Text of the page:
Aradia



Aradia

(religion, spiritualism, and occult)

In the late 1800s, the folklorist Charles Godfrey Leland, first president of the Gypsy Lore Society, befriended a young woman in Florence, Italy, who claimed to be a Witch. Her name was Maddalena and she came from the Romagna Toscana, a wild part of the country. She claimed that her family on her mother's side had been practicing Witches for several generations. Leland obtained from Maddalena a large amount of material pertaining to Witchcraft as practiced in that area and to the Witches' beliefs. He was a prolific author, writing on a wide variety of subjects, and he alludes to some of Maddalena's material in two of his books, Gypsy Sorcery and Fortune Telling (1891) and Etruscan-Roman Remains in Popular Tradition (1892). But he presents most of it in his book, Aradia, or the Gospel of the Witches of Italy (1899). In his preface he says: If the reader has ever met with the works of the learned folk-lorist G. Pitré, or the articles contributed by "Lady Vere de Vere" to the Italian Rivista, or that of J. H. Andrews to Folk-Lore he will be aware that in Italy there are numbers of strege, fortune-tellers or witches, who divine by cards, perform strange ceremonies in which spirits are supposed to be invoked, make and sell amulets, and, in fact, comport themselves generally as their reputed kind are wont to do, be they Black Voodoos in America or sorceresses anywhere. But the Italian strega or sorceress is in certain respects a different character from these. In most cases she comes of a family in which her calling or art has been practised for many generations. . . even yet there are old people in the Romagna of the North who know the Etruscan names of the Twelve Gods, and invocations to Bacchus, Jupiter, and Venus, Mercury, and the Lares or ancestral spirits, and in the cities are women who prepare strange amulets, over which they mutter spells, all known in the old Roman time, and who can astonish even the learned by their legends of Latin gods, mingled with lore which may be found in Cato or Theocritus. With one of these I became intimately acquainted in 1886, and have ever since employed her specially to collect among her sisters of the hidden spell in many places all the traditions of the olden time known to them.

He goes on to say that among other strange relics, she obtained for him a "Gospel" (vangelo) which, he believed, came principally from oral narration. He published this under the title Aradia, Gospel of the Witches. Since Leland was seventy-five years old at the time of its publication, many of his fellow folklorists tended to believe that their leader was having his leg pulled by this young Italian "sorceress." In fact, the book was not a big seller. T.C. Lethbridge suggests it was "smothered in some way by vested interests." Certainly it was overlooked by such notable witchcraft researchers as Margaret Alice Murray and Pennethome Hughes. It was not until 1968 that it was finally reprinted, by the Buckland Museum of Witchcraft and Magic, in New York. Since then there have been a number of reprinted editions.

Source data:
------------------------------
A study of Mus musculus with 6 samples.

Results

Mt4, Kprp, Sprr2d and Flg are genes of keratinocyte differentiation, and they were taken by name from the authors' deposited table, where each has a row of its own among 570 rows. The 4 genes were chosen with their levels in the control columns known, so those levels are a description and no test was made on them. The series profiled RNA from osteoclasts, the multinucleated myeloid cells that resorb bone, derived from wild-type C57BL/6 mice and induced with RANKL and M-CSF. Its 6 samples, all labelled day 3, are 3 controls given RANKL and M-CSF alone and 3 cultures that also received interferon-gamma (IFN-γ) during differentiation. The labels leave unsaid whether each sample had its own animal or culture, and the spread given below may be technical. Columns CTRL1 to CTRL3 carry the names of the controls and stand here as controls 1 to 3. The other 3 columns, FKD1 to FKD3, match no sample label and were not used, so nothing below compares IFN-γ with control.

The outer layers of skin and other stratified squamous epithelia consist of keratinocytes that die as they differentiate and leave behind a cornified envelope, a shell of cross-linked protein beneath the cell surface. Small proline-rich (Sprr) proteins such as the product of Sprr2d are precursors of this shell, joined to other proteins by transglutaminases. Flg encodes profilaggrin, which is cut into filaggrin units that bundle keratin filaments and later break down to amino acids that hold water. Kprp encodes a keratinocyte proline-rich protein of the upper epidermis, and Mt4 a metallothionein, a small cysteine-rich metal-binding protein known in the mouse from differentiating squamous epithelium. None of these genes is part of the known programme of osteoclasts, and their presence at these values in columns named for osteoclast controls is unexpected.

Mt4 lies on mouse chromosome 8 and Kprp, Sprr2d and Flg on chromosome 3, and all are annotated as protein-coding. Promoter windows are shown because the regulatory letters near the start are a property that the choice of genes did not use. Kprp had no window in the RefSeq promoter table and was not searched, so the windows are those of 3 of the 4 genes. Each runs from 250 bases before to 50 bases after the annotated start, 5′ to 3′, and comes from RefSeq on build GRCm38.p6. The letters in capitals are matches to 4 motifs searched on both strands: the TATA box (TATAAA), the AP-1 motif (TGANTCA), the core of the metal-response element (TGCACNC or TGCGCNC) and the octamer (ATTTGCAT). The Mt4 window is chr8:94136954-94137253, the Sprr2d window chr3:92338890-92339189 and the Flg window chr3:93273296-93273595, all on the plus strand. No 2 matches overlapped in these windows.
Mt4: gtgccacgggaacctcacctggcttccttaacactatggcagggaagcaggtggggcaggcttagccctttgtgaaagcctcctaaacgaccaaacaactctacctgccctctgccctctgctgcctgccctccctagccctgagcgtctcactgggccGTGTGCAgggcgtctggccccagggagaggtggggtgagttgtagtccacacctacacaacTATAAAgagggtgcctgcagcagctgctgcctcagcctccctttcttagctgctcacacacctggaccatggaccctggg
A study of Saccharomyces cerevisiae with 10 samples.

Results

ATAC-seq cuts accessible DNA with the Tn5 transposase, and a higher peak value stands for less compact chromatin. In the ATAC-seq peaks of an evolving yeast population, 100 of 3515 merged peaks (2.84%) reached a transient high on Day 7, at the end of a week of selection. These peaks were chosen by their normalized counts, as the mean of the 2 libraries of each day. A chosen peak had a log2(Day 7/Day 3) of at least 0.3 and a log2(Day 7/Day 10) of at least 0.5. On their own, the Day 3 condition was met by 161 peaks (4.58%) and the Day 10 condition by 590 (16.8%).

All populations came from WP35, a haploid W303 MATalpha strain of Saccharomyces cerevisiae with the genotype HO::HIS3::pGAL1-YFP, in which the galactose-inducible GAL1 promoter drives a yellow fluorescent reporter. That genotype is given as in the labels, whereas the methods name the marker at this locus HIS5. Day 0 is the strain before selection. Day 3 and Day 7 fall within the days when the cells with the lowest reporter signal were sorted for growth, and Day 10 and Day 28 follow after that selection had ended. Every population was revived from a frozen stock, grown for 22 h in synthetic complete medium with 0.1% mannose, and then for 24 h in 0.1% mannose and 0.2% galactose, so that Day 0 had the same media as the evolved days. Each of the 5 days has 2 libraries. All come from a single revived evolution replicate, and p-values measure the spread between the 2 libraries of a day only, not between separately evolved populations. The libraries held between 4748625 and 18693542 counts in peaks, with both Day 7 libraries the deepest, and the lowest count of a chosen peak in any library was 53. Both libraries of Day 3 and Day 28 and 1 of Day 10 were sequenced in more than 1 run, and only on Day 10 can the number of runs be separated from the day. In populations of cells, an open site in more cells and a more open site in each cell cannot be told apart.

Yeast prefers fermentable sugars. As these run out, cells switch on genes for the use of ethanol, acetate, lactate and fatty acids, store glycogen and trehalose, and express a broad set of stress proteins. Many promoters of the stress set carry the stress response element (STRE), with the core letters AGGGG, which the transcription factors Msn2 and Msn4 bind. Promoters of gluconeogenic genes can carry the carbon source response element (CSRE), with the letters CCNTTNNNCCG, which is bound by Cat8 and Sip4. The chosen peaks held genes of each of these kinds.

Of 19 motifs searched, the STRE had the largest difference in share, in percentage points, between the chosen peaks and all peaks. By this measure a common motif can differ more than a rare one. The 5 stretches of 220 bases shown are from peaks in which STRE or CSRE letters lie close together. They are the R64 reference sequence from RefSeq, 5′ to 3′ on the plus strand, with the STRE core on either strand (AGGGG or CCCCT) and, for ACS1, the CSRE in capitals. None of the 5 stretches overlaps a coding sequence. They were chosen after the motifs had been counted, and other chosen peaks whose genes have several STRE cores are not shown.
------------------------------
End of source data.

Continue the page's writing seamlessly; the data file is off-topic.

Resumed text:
The book, as produced by Leland, is published in the original Italian together with an English translation. Part of the book is in prose and part in verse.

Lethbridge hazards a guess that the vangelo, as presented by Maddalena, dates from about the fourteenth century, although he believes the original oral form goes back to antiquity. He points out that the text, composed for a rural community, focuses on a time when the Witch cult was the religion of the suppressed classes.

The text tells of the Moon, Tana, "Queen of Witches All," the goddess falling in love with her brother Lucifer the Sun. From this union, Aradia is born and becomes the Messiah of the Witch cult. Leland says that Aradia is obviously Herodias, who was earlier associated with Diana as Queen of the Witches. (Lethbridge compares Aradia to the Welsh goddess Arianrhod.) Tana (Diana) tells her daughter that she must become mortal and go down to earth to teach Witchcraft to humankind. This Aradia does, and when finished, she tells her followers that she must return to heaven. If further magical instruction was required, she tells them, they should appeal to Diana, gathering once a month at the full of the moon. At that gathering they were to extinguish all lights and play the game of Benevento, which Lethbridge informs us is basically a general sexual mating, then hold a sacred supper.

On Aradia's return, she grants gifts to her followers: to bless or curse with power, converse with spirits, find hidden treasure, understand the voices of the wind, change water into wine, tell fortunes with cards and with the hand, cure diseases, beautify the ugly, tame wild animals, and more.

There then follows an alternative text in which it is said that Diana was the first act of creation, and divided herself into the darkness and the light. Lucifer, as her other half, is her brother the light. Diana spun the lives of humans on her wheel, which Lucifer turned. She turned mice into stars and became the Queen of Heaven, of Witches, and of the rain. But Diana trembled with desire for Lucifer and when both went down to earth she seduced him and brought about Aradia.

There are a number of Witches who draw on the teachings given in Aradia, and many who have adopted some of the language of the vangelo. Aradia's charge to the worshipers, exhorting them to "adore the potent spirit of your queen, my mother, great Diana," was adopted and reworded by Doreen Valiente, to become the Charge of the Goddess in Gardnerian Wicca (see Coven, Covenstead, Covendom.)

Interestingly, Sir Walter Scott remarks that "In Italy we hear of the hags arraying themselves under the orders of Diana (in her triple character of Hecate doubtless), and Herodias, who were the joint leaders of their choir." This was written in 1831, nearly seventy years before Leland's book appeared.